State Team Lead, Nigerian Urban Reproductive Health Initiative, NURHI 2, Dr. Edun Omasanjuwa has called for sustainability and scale up of the successes recorded by Lagos State in area of promoting access to quality reproductive healthcare.
Read more at: https://www.vanguardngr.com/2018/04/lagosians-zip-up/
When Bill Gates some weeks back, told Nigerian political elites that the country is one of the most dangerous places on earth to give birth, not many would have thought of the drama that played out in Akure, the Ondo State capital, the other week.
Pregnant women were reported to have paralyzed activities in the State Specialist Hospital while protesting against outrageous medical fees introduced by the state government.
Simply put, family planning is the practice of controlling the number of children in a family and the intervals between their births, particularly by means of contraception or voluntary sterilization..
This is increasingly becoming important as a result of the soaring cost of living in contemporary Nigeria, as well as ensuring that children are afforded the best in the midst of meagre resources.
Engaging men in Family Planning (FP) has been found to directly influence the partner’s reproductive health choices, decision-making and behaviours.
While there have been few published evaluations of interventions that seek to address the promotion of male involvement in family planning, evidence indicates that most men in Nigeria have a positive attitude towards family planning but are faced with barriers to their participation.
The Lagos State Commissioner for Health, Dr Jide Idris has called on the male folks to encourage their wives and partners to embrace family planning, saying it’s not only women but the entire family and the society at large that would benefit from its advantage.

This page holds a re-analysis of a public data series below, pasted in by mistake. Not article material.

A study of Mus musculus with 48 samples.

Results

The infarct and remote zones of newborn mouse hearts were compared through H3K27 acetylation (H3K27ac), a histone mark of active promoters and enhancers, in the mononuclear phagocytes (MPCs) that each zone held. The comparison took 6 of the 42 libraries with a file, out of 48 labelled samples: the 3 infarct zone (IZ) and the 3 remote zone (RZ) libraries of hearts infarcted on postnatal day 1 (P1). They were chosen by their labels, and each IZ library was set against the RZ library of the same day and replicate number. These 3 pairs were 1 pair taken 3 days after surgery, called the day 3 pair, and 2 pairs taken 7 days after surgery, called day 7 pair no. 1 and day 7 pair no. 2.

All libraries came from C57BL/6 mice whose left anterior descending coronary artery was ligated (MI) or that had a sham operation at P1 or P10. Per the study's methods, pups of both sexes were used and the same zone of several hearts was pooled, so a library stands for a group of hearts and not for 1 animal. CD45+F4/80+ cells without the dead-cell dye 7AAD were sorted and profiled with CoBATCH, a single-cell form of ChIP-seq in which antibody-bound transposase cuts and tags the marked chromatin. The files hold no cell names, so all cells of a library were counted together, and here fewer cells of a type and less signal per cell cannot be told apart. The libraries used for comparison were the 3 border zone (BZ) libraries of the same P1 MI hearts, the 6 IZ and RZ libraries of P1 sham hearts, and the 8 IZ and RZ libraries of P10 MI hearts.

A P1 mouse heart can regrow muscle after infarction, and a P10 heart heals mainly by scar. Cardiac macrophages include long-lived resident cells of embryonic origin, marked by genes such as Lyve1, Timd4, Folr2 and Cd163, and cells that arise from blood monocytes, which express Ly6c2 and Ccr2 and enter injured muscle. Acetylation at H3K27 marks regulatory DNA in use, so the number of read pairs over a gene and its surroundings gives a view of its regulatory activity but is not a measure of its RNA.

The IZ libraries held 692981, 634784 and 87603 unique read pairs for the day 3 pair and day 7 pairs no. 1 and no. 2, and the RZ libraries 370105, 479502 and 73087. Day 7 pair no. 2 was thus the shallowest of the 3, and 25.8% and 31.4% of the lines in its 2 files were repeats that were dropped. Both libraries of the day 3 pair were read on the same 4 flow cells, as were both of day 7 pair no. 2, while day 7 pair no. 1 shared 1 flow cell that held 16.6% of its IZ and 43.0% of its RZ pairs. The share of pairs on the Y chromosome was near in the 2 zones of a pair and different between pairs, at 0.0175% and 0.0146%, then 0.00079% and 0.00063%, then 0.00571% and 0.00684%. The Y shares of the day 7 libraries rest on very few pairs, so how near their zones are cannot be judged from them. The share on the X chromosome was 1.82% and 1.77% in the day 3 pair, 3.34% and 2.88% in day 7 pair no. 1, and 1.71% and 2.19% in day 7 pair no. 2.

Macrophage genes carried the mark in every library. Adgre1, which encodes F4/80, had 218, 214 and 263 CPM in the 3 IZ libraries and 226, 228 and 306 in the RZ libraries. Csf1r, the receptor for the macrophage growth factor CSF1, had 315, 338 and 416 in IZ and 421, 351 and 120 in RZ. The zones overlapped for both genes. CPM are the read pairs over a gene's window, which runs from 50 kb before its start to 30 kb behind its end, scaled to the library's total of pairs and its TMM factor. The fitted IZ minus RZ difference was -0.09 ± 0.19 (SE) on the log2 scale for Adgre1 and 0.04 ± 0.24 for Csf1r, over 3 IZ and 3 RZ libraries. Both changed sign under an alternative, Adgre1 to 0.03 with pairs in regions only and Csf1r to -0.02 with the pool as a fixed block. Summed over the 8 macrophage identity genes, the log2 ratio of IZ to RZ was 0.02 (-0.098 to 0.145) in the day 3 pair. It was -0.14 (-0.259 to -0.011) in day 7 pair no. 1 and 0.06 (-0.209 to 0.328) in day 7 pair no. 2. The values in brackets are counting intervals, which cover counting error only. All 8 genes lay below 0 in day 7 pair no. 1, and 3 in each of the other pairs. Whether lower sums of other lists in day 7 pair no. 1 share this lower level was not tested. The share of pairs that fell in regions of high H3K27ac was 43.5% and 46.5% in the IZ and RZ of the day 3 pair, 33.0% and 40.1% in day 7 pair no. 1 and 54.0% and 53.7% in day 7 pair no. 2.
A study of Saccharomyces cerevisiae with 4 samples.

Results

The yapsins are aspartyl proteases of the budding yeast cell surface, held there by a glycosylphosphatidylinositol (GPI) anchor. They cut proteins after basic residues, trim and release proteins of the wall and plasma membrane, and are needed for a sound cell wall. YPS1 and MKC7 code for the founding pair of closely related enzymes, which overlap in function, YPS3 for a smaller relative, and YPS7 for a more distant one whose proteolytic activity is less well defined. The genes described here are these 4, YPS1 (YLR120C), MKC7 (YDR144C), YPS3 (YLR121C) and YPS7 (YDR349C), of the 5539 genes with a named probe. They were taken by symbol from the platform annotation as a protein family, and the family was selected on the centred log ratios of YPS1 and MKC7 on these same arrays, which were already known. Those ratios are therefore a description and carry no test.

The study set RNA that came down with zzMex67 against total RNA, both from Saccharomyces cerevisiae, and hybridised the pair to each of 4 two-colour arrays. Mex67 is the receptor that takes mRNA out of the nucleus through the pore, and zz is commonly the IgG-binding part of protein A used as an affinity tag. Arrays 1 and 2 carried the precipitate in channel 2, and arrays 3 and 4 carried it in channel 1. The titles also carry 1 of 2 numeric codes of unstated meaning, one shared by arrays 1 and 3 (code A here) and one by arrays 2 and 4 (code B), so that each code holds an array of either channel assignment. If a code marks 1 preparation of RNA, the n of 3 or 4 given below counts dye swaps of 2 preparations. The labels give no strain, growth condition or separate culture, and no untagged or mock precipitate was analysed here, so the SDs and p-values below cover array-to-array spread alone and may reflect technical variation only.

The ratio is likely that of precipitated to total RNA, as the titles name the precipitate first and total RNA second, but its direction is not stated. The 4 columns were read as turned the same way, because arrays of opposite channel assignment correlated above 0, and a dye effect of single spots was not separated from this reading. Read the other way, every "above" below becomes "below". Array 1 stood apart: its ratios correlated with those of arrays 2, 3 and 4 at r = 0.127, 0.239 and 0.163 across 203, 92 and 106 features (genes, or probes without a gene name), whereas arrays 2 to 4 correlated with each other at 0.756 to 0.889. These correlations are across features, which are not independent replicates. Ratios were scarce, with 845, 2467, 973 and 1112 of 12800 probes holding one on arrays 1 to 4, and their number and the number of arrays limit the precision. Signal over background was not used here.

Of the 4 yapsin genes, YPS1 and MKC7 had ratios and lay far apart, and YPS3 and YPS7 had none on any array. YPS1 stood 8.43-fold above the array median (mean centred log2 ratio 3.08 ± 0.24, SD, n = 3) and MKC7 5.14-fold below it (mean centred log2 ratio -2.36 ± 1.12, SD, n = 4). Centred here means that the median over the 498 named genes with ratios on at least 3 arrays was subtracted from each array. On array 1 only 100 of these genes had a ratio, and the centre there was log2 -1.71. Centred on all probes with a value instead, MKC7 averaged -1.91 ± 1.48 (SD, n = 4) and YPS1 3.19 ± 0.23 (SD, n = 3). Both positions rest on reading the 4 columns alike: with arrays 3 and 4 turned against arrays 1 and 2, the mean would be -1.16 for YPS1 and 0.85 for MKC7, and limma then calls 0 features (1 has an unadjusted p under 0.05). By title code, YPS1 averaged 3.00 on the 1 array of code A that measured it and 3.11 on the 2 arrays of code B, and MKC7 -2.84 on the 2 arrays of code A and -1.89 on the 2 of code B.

NIGERIA – Its already 60 days and the chances of recovery of a newborn that was stolen at a general hospital in Kaduna are becoming slimmer as there is no any hint from hospital management, state government and security agencies about her whereabouts.
Many who witnessed and heard about shocking sudden disappearance of a day old baby girl born to deaf parents, Hajiya Salamatu 28 and her husband, Mallam Kabir a welder through C-section at Yusuf Dantsoho Memorial Hospital, Tudun Wada, Kaduna North local government area of the State are still asking the question ‘how’ months after.
At age 82, Bulama Kalla, a retired village head of Shuwari-Tomri, has no better place to relax on a hot day than under the big Jujube tree which is directly facing the community's central mosque.
It is noon, and the rebellious sun has again defied the cold harmattan weather, heating up the chilly atmosphere that keeps every resident of the dusty village indoors from dusk to dawn.
The United Nation Children’s Fund (UNICEF) has said that declared Nigeria as one of 10 countries in the world where 45 per cent of all under-five deaths occur at infancy.
UNICEF’s Communication Specialist at the Bauchi Field Office, Samuel Kaalu, said to end the trend, Nigeria would be among 10 countries of focus for a campaign to help children stay alive.